Report blames social media for boosting stolen-election lies
A new report out Monday from New York University faults Meta, TikTok, Twitter and YouTube for amplifying false claims about U.S. election fraud and urges the platforms to be more transparent and consistent in their content policies.
Why it matters: "Big lie" claims online have contributed to a lack of trust in U.S. elections and increased support for new voting laws that disproportionately impact people of color, the report says.
Driving the news: The study, from the NYU Stern Center for Business and Human Rights, zeroed in on practices by each platform that it says helped to spread lies about the 2020 presidential election, including:
- Facebook's exemption of politicians from its fact-checking rules, allowing influential public figures to share election lies.
- Twitter's "on-again/off-again" enforcement of its civic integrity policy, which prohibits using the service to interfere with elections or other civic processes.
- TikTok's "haphazard enforcement" of its "tough-sounding policies" related to elections.
- YouTube's vulnerability to being exploited by proponents of disinformation, including a movie titled "2000 Mules" that spread a myth about ballot trafficking.
What they're saying: "Platforms need to recognize that electoral mis- and disinformation have become a perpetual threat, not an issue that materializes each election cycle and then disappears," Paul Barrett, author of the report and deputy director of the Stern Center, said in a statement.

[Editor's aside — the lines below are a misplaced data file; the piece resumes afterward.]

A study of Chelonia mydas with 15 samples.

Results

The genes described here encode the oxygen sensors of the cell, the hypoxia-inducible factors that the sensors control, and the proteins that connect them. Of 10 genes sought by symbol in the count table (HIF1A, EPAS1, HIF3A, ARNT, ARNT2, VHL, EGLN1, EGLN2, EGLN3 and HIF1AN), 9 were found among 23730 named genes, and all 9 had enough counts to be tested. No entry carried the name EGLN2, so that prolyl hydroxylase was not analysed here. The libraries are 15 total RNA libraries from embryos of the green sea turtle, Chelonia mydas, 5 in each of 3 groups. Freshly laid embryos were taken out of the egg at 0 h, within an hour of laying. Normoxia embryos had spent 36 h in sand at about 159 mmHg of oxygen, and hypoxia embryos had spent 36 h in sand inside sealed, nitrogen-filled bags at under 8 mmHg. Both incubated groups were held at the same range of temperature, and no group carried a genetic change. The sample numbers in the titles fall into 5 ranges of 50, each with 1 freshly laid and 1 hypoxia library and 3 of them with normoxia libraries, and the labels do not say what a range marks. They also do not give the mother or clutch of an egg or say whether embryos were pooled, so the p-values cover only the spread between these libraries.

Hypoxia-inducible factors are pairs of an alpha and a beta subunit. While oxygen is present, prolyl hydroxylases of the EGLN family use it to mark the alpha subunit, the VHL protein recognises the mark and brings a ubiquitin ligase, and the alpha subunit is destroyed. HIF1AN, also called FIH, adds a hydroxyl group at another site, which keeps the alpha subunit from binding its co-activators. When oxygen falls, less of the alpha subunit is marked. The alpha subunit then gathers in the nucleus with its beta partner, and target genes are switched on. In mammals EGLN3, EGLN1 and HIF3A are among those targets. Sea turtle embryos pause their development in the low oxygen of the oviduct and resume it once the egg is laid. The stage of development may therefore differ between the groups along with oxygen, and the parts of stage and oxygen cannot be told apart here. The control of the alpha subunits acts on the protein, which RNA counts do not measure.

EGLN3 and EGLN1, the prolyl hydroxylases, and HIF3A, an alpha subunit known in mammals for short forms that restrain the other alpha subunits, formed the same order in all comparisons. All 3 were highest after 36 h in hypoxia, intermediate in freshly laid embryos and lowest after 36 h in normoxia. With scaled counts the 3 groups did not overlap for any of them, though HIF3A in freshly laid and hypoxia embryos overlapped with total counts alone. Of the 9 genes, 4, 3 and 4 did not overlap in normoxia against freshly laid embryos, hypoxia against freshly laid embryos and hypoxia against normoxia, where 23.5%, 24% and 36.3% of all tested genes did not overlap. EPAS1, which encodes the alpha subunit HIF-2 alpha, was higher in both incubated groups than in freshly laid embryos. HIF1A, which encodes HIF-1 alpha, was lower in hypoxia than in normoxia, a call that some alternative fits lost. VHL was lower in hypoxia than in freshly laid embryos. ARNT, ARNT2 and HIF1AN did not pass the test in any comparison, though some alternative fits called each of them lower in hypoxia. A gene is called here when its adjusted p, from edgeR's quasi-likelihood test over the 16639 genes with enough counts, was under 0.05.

The other side: Tech companies debuted new election policies in August to get ahead of misinformation leading up to the midterms this fall. Some of the companies also defended their policies and actions in responses included in the report.
- Facebook noted that it labels and demotes content deemed false by its fact-checkers, and alerts users who have shared content later found to be false. A Meta spokesperson said the company will reject ads encouraging people not to vote or calling into question the legitimacy of the upcoming election.
- Twitter said it will deploy "pre-bunks" — blurbs appearing in users' feeds with accurate election information — ahead of the 2022 midterms. The pre-bunks "are an industry first and are designed to get ahead of misleading narratives," a Twitter spokesperson told Axios.
- TikTok said it will label content related to the 2022 midterms and will make "questionable content" ineligible for recommendation while it is being fact-checked.
- YouTube earlier this month said it would launch a media literacy campaign with tips on "identifying different manipulation tactics used to spread misinformation." "We’ve already removed a number of videos related to the midterms for violating our policies and the most viewed and recommended videos and channels related to elections are from authoritative sources, including news channels," a spokesperson told Axios.